For the incremental discount policy the discount applies only for quantities exceeding the price break quantities. If the price break quantity would be 1,000 units and the order quantity would be 1,500 units then the first 999 units wouldn't qualify for a discount. Only for 501 units, exceeding the price break quantity, a discount could be used. In comparison, for an all-units discount policy the total order quantity of 1,500 units would get the lower discount price.

Let's clarify the necessary calculation steps for the incremental discount policy with the following sample data.

Base Data:

Demand per year A=600 units, the fixed order cost K=$8, the unit cost c0=$0.30 for quantities less than x1=500 units, c1=$0.29 for quantities less than x2=1,000 units but greater than or equal to x1=500 units, and c2=$0.28 for quantities greater than or equal to x2=1,000 units. The inventory carrying cost rate is 20% annually.

For this incremental discount example - fixed and variable purchase costs - can be expressed mathematically as

For our sample data, see above, and assumed order quantities of 300, 700 and 1,200 units, we would get the following - fixed and variable - purchasing costs:

a) Q = 300 units

b) Q = 700 units

c) Q = 1,200 units

It is important to note that for the incremental discount policy the fixed order cost is different for each price break region. This could be thought of as a kind of surcharge which must be paid compared to the all-unit discount policy. The figure below illustrates this important fact.

Because the intercept with the vertical axis represents fixed order costs, the incremental discount policy has three different fixed order costs, one for each region, compared to the all-unit discount policy which has only one. This fact is important to understand for the later order quantity calculations. For our sample data we get

 

The solution steps for the incremental discount policy can be done as described by Nahmias (Production and Operation Analysis, 1997, pp 238 - 240):

  1. Determine an algebraic expression for the variable purchasing cost for each price interval. Use this expression to determine the average variable purchasing cost.
  2. Substitute the expressions derived for the average variable purchasing cost into the average annual cost function. Compute the minimum value of Q corresponding to each price interval separately.
  3. Determine which minima computed is realizable (that is, falls into the correct interval). Compare the values of the average annual costs at the realizable EOQ values and pick the lowest.

Hadley and Whitin (Analysis of Inventory Systems, 1963) found out, that the minimum total cost will never be at a price break! Remember, for the all-unit discount an optimal solution could be at a break point.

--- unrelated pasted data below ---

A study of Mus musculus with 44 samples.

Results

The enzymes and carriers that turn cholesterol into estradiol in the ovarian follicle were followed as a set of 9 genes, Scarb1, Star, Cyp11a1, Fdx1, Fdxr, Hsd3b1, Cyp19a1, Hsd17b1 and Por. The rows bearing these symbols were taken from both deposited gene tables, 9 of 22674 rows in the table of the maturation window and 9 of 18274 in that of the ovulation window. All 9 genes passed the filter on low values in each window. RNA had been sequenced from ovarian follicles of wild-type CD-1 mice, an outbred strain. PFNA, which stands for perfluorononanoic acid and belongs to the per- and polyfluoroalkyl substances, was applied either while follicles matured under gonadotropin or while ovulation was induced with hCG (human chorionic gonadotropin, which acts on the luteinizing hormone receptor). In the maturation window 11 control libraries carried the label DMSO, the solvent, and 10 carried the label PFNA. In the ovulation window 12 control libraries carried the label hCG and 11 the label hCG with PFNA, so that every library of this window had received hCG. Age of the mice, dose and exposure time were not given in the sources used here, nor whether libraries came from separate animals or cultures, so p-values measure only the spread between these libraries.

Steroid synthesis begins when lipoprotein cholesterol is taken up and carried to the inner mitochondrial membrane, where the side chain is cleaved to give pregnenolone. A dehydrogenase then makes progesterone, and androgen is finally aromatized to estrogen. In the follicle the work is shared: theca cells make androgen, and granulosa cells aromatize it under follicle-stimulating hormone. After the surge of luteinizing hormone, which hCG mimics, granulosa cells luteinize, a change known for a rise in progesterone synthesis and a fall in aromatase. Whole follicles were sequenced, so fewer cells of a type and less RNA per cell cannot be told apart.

For each price interval the variable unit cost VPC(Q) will be calculated to get the average variable unit cost VPC(Q)/Q. Taking the same sample data as above results in

Dividing the variable purchase cost by the order quantity gives the average unit cost for each price break region

 

The average annual cost function for the incremental discount policy can then be derived as

For each interval the minima of the curves must be computed by differentiating TC(Q) with respect to Q, setting the results equal to zero and solving for Q. For Qs falling in their correct intervals annual costs must be calculated. The lowest realizable value represents then the solution.

Taking again our sample data we get three different order quantities.

The major difference in the three formulas, besides the different variable unit cost, is only the fixed portion of the order cost, which we already derived previously without differentiation. From the equations it becomes clear as well that there are two ways to find the order quantities for the incremental discount policy

a) By differentiation or

b) By calculating the fixed order cost K in a separate step as shown above 

For our sample data, only Q0 and Q1 are valid order quantities, not Q2. Comparing the resulting annual costs for Q0 and Q1 leads to the solution of Q0 with 400 units and total annual costs of $204. The offered discounts would be rejected!


Finally, for the interested reader I included the detailed differentiation steps for finding the optimal Qs.

  


To review the above formulas an Excel simulation sheet is included to clarify the calculation steps. Move your mouse cursor over the below picture and click to open the spreadsheet. Press the button 'Enable Macros' to gain advantage of the full functionality. Review the sample data or click the button 'Clear Input Fields' in order to enter your own data. Don't forget to click the button 'Calculate' in order to get your results.

The system calculates for you

a) the optimal annual total costs, b) the optimal order quantity and c) the cycle time in weeks.